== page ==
Guillen Design | Design Thinking

Design Thinking


As the industry’s design knowledge is maturing and organizations are more interested in understanding how good design is made, Design Thinking is increasingly garnering more attention. Many business leaders want a better understanding of the design process rather than simply relying on the graphic designer’s knowledge and investing good faith in the outcome.

For most designers, Design Thinking is not a new idea. It is at least as old as the industrial revolution and was probably first used by the German Bauhaus and systematized by the HfG Ulm. In recent decades, it was most substantially documented and expanded on by IDEO, which also recognized its potential beyond immediate design problems and promoted it as a useful innovation method.

Design Thinking’s innovative method produces meaningful results quickly and precisely. It is a collaborative creative approach between innovators and the community in which the innovation or service is intended.

The Design Thinking Method consists of five components: definition or goal setting; research; extracting and analyzing research results; ideation; and prototyping & testing.

Definition/ Goal Setting

Utilizing Design Thinking, the start of any project brings together a cross-functional collaborative team to gather and analyze existing knowledge and data about a specific project. For example, if the project is to create a communications app for teens, your team should be comprised of telecom engineers, marketers, teens, teen behavioral specialists and designers. One person will facilitate the project and create a workspace where each team member contributes initial thinking. Discussion on the pros and cons and challenges and advantages based on existing knowledge can be gathered from all team members. Based on this information, the facilitator can guide the team to create goals and assumptions which will define the project. In the case more information is needed, such as added market data, team members can be assigned tasks to gather more information and report back to the team.


Research will allow you to observe your project from different angles. Marketing and Business Research will look for profitability and market opportunities. Analytics gives you insight into user behaviors. All of these are important to gain a comprehensive image. Designers prefer a method called Ethnographic Research.

Ethnographic research (user research) is a qualitative form of research where the interviewer engages the interviewee in a topic of interest. The goal is to verify assumptions with the end user and ensure you’re meeting real human needs. Otherwise, your product may not be adapted because it will not fit with your end users lives. During the interview the interviewer often follows the thought process of the interviewee to understand better how the person works or approaches specific problems. Ideally, he observes how the user in his/her own environment approaches tasks or solves problems. The surprising aspect of this method is that the interviewer can draw some assumptions and at the end of the conversation realize the user will approach a problem from a completely different angel. One advantage of in-person interviews is to observe the environment of the interviewee and detect workarounds the user uses to accomplish their goals. The workarounds are your opportunities for meaningful product innovations, and it is here you can innovate. (Read More about Ethnographic Research)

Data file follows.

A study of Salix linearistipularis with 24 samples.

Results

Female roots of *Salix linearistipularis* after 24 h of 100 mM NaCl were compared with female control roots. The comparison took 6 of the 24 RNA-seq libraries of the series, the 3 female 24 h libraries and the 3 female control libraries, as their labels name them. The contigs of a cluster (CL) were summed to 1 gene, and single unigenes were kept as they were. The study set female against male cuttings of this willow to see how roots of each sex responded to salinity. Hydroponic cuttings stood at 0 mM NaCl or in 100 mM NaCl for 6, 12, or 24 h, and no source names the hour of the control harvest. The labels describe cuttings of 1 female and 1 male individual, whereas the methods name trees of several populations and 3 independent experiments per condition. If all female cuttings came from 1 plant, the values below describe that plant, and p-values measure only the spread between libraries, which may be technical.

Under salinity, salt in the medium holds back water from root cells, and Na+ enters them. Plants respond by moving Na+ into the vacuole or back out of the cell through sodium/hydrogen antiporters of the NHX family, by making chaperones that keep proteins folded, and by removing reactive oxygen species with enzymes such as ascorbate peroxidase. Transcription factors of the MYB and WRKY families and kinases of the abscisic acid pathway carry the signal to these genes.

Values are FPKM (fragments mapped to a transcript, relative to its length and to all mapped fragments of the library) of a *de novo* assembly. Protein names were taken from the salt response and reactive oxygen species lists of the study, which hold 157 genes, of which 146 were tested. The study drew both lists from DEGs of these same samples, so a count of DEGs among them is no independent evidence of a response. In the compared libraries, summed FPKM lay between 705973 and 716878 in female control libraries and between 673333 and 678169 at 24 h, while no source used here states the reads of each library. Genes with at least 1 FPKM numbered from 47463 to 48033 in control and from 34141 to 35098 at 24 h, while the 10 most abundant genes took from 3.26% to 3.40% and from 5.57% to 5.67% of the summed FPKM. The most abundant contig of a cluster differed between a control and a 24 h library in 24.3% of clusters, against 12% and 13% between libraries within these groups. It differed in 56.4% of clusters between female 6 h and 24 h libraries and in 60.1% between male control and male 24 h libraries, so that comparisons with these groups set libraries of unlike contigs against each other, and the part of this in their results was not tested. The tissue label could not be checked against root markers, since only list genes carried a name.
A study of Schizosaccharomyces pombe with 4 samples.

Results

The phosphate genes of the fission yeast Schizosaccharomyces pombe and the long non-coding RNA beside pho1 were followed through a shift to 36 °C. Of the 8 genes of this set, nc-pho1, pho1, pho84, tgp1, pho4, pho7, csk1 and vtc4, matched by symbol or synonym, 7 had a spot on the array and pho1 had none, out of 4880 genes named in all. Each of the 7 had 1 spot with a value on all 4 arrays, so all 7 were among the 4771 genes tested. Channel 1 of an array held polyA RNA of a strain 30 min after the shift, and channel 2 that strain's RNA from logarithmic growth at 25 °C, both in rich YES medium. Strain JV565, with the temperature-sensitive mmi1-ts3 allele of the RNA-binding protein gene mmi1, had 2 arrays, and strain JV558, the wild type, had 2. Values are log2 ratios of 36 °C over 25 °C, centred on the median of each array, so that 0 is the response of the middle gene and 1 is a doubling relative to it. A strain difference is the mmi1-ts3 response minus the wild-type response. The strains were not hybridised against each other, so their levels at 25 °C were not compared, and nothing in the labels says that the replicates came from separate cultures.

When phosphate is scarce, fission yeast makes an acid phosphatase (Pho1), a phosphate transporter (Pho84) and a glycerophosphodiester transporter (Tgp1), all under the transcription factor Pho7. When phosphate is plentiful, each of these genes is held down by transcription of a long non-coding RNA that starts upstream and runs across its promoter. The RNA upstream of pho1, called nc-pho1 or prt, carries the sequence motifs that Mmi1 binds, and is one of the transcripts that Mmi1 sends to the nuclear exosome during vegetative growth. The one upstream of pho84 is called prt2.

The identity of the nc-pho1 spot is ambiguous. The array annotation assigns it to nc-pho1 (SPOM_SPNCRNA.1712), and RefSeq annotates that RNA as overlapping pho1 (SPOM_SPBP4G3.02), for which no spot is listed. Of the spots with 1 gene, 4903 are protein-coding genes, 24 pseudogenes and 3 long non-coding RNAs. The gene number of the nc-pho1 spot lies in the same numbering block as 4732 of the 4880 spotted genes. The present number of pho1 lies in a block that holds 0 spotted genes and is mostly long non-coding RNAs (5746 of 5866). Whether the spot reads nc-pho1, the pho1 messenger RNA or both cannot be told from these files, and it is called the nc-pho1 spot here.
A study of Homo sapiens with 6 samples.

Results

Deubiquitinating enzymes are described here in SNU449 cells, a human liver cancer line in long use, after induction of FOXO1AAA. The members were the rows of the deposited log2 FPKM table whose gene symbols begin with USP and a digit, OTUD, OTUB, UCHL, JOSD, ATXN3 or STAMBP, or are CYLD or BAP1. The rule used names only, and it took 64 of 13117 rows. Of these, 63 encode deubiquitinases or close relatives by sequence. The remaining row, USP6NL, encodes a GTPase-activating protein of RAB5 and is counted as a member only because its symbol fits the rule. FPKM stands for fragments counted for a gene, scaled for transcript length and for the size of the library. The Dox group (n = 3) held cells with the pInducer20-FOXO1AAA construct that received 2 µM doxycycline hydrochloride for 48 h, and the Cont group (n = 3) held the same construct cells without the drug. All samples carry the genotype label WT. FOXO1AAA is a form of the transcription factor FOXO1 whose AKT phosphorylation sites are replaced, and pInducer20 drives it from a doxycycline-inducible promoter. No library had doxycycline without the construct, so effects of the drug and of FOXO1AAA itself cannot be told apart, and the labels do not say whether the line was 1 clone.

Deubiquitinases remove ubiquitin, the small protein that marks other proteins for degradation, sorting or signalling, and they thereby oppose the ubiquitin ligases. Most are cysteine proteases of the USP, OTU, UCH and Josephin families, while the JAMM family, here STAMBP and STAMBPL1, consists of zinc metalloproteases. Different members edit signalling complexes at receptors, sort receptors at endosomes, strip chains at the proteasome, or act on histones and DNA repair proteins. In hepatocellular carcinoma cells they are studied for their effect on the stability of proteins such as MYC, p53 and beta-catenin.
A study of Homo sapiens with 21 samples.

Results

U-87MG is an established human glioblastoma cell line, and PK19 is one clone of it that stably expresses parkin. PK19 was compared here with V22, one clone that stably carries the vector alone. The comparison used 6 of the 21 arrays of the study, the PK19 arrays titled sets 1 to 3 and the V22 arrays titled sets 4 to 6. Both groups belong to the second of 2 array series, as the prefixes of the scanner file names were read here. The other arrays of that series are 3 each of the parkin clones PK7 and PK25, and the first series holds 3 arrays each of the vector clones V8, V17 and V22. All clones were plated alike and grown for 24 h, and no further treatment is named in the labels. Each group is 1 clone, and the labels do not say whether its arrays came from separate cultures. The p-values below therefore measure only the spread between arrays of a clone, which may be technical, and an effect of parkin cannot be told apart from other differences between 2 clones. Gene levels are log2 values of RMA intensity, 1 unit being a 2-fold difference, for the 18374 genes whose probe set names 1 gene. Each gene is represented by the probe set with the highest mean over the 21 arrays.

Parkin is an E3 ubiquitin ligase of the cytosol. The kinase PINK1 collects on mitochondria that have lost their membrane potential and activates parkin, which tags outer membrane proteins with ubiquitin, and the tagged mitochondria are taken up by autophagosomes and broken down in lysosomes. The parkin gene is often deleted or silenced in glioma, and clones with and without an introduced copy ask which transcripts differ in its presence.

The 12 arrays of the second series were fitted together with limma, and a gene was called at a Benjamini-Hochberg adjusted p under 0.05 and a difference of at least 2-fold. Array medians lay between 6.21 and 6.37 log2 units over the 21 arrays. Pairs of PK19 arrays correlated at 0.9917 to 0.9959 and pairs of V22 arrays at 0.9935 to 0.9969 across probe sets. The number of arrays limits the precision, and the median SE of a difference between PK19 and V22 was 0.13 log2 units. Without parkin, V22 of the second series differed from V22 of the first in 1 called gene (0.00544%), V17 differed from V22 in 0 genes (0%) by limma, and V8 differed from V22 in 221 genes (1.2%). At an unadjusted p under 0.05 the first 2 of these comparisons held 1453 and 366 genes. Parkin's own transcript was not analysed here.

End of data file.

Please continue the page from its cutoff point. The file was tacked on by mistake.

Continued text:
Extracting and Analyzing Research Results

After the research is conducted, you present the findings to the team and discuss how these findings impact previous assumptions or open up new opportunities. You adjust your product goals and develop an evaluation matrix which outlines your business and user goals. The evaluation matrix creates a framework which will become helpful during ideation.


After results are analyzed, the team comes back together for the ideation session. Here, it is important to rid yourself from product and development constraints and develop ideas and scenarios quickly around the topic. The ideas could be useful or completely nonsensical but the goal is to develop as much volume as possible without judging the ideas. As you move beyond the obvious and dig deeper, this is when you often find some true innovative solutions. For a logo development, the rule of thumb is about 100 different ideas. By the end of the session, you have several great ideas and this is when you go back to the evaluation criteria and compare them to your ideas and see which few will have the greatest potential to match closest to the business and user goals. You pick maybe 2 to 3 and start prototyping them.

Prototyping & Testing

There are different ways to prototype. A very early version is paper prototyping. Here, you can create wireframes for your product, review them with your team and have them usability tested. Based on the user feedback, you can adjust the prototype and review with the team. As your prototype progresses and gets validated, you may create an HTML prototype at the same time. Keep usability testing your work – test, adjust, and test again until the users and team agree on a successful product.

Agile and Design Thinking greatly complement each other because they both come from the same understanding that you plan carefully but don’t expect to know everything. You create, you test and you adjust. It requires focus not to lose track of what you set out to do. To hold on to the essence of your product throughout an entire development cycle can be exhausting. One of the bigger challenges is to stay realistic throughout and remain true to the needs of the customers and the business opportunity within it.